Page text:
Discussion in 'Judaism DIR' started by Marco19, Mar 11, 2012.

  1. Marco19

    Marco19 Researcher


    Do you think that Holy Spirit & Shekinah are the same, so in a way they represent some aspects of the creator?

    Thanks in advance :)
     
  2. Levite

    Levite Higher and Higher


    Ruach Hakodesh is not a "presence" of God, but an outreaching of shefa (God's energy), increasing the awareness and the spiritual connection of a person touched by it. It is divine in origin but impersonal.

    The Shechinah is a "presence" of God, the immanent aspect of the sefirah of Malchut (that is to say, of the emanation of God's omnipresence which is the most diffuse, least transcendant, and most connected to this created world). The Shechinah is an aspect of God's "self," and is personal; it does not "settle on" a person (flowing through them like the shefa of Ruach Hakodesh does), but can manifest in their area ("thickening" or "amplifying" as it were, the presence of God around them).
     
  3. Marco19

    Marco19 Researcher


    Is it correct to say that the Shekinah is part of the ten Sephirot (because you related it to Malkhut)

    Another question about Shekinah... i wonder if it's still existed in this world, or it's gone/disappeared/demolished after the destruction of the temple?

    About Ruach Hakodesh, i'll read and ponder more, then ask if have some unclear points.

    Thank You :)
     
  4. Levite

    Levite Higher and Higher


    The Shechinah is an aspect of God, a kind of presence of God's awareness in the created universe. All of God's aspects are linked to various of the Sefirot (most to more than one of the Sefirot); but because the Shechinah is considered to be the most "accessible" aspect of God's presence, it is usually linked to the Sefirah of Malchut, which is the most immanent of the Sefirot, representing the divine linkage to the created world.
     
  5. nyRednek

    nyRednek Unrepentant Masculist

     
  6. Levite

    Levite Higher and Higher

     
  7. xkatz

    xkatz Well-Known Member

     
    #7 xkatz, Mar 29, 2012
    Last edited: Mar 29, 2012
  8. Levite

    Levite Higher and Higher


    And I already noted in a post elsewhere that my issue is not with your postulation of shin as ultimate root of the name Yishai, or with the linkage between ruach and Shechinah per se (although, technically, it is worth noting that the word ruach has been occasionally framed in the masculine in Biblical Hebrew-- vide Gesenius or BDB for references). My issues are with your acceptance of Christological readings, your use of Christian scripture, your use of support materials crafted by Christian missionaries, and your apparent willingness to read sacred text in light of UFO sightings.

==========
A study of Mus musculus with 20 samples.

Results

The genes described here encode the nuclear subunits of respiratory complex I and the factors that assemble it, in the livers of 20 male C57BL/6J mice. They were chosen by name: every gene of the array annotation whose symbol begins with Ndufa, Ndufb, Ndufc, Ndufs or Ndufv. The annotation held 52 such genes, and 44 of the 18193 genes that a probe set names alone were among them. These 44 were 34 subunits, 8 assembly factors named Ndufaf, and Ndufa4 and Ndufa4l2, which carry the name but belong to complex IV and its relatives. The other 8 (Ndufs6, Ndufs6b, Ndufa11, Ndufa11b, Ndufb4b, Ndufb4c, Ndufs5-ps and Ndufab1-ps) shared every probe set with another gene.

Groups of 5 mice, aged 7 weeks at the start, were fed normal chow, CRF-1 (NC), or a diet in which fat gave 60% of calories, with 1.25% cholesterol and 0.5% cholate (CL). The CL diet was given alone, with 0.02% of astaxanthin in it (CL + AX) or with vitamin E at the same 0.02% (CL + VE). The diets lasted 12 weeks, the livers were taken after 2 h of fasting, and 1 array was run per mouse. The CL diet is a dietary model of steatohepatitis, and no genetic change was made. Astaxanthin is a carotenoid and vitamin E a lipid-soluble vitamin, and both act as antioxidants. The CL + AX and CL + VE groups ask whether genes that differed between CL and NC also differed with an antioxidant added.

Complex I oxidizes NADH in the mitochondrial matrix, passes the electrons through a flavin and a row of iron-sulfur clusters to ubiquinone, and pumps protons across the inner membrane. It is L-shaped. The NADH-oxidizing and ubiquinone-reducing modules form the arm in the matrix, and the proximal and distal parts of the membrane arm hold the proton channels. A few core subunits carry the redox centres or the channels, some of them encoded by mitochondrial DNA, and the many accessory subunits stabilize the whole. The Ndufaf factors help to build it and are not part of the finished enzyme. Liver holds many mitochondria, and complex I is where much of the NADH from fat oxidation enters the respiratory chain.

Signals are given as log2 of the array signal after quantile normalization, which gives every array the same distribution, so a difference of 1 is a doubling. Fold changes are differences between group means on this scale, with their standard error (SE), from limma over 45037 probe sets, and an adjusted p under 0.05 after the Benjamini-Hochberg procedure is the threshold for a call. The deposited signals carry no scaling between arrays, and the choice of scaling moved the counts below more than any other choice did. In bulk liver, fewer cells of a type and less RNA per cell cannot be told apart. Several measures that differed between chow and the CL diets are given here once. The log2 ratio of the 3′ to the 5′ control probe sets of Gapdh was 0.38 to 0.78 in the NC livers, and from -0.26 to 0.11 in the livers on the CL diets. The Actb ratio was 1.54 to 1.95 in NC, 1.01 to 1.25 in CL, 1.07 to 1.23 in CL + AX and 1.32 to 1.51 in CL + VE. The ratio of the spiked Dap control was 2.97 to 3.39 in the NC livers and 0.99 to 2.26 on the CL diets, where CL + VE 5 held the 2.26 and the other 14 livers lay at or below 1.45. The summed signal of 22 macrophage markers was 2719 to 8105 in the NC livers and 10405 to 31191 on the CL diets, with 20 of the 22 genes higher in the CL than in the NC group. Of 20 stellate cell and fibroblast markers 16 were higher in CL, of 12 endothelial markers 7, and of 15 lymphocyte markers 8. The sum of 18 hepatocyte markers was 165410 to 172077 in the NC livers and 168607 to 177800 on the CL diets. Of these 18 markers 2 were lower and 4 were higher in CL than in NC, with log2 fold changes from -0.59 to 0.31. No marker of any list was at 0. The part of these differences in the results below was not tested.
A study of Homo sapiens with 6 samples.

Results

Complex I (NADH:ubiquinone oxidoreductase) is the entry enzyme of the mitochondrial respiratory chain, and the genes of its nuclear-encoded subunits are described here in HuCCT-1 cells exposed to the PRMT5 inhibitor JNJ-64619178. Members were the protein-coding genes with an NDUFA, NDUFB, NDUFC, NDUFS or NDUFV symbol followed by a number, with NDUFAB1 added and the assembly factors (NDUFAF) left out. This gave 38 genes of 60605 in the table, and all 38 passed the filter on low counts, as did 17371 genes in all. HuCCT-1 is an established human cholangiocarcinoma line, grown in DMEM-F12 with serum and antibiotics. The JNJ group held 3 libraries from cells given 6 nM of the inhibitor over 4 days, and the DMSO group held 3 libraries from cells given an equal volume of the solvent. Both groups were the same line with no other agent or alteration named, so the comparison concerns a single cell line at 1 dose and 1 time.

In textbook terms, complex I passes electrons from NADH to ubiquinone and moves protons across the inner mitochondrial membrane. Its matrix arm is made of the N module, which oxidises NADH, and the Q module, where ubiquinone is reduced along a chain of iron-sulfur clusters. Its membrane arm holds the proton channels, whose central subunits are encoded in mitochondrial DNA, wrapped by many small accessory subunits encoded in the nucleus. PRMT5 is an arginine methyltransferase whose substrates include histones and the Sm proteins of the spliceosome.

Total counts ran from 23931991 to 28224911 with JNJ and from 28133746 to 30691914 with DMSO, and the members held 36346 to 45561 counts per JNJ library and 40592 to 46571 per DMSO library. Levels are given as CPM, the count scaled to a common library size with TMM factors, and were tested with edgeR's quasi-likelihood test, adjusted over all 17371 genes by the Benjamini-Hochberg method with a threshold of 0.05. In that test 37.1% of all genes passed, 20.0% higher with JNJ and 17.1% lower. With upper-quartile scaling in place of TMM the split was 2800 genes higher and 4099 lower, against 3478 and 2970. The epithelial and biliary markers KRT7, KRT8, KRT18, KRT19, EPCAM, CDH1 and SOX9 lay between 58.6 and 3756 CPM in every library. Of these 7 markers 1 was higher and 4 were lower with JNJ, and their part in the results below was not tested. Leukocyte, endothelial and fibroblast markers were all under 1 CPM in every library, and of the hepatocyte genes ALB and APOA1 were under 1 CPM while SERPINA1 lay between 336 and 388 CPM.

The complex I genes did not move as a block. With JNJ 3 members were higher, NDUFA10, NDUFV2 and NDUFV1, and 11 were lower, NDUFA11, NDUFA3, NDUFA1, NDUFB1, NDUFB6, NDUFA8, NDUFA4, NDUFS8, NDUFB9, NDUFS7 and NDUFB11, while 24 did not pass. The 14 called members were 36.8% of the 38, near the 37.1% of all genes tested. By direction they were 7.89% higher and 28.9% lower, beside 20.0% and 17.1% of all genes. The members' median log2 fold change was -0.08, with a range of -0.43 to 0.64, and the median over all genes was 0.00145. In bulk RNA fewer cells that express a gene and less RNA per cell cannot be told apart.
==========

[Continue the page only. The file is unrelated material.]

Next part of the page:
Those are the kinds of ideas that have no place in the Judaism DIR. Perhaps in the Messianic Judaism DIR, but not here.
     
  9. nyRednek

    nyRednek Unrepentant Masculist

     
  10. yochai50

    yochai50 Member


    To Levite, I have the following to say/ask.

    I'm not sure if I understand what you're saying 100%. Reclarify, what you mean by Ruach HaKodesh is impersonal? It says in the Gemara that when ten Jews doven together in a minyan, or even if they're in the same room, the Shechinah is settled on them. You can doven in a Minyan without feeling anything personal towards G-d at all. Ruach HaKodesh is always used referring to things in a "personal" sense as far as I've seen it. I therefor have to assume by impersonal, you mean it doesn't come from G-d as "directly". Not to seem chutzpadik or anything, but I just want to make sure I understand what you're saying.
     
  11. Levite

    Levite Higher and Higher


    But in any case, my position is that Shechinah is a manifestation of the Divine Presence. That when, for example, ten Jews daven together, or two Jews study Torah together, and the Shechinah is with them, that is the Indwelling Presence of Hashem making itself more manifest near them. It is an active action on God's part. And its presence doesn't necessarily confer any special abilities on the people to whom it is near: just holiness, and usually spiritual gratification, and perhaps joy.

    But Ruach Hakodesh is merely an intensification of the inflow of shefa to a particular individual, and probably an intensification of shefa through certain Sefirot in comparison to others. Sure, sometimes this can result as an active action on God's part, either in a kind of nevuah or as a kind of hashgachah pratit. But it can also be passive on God's part, a result of the spiritual potency of learned and righteous chasidim and tzadikim, who, through meditation and contemplation and study of Torah and Kabbalah, are able to draw more shefa to themselves. And this kind of indrawing of shefa can sometimes confer special abilities on those whom it touches; but it doesn't always have to do so.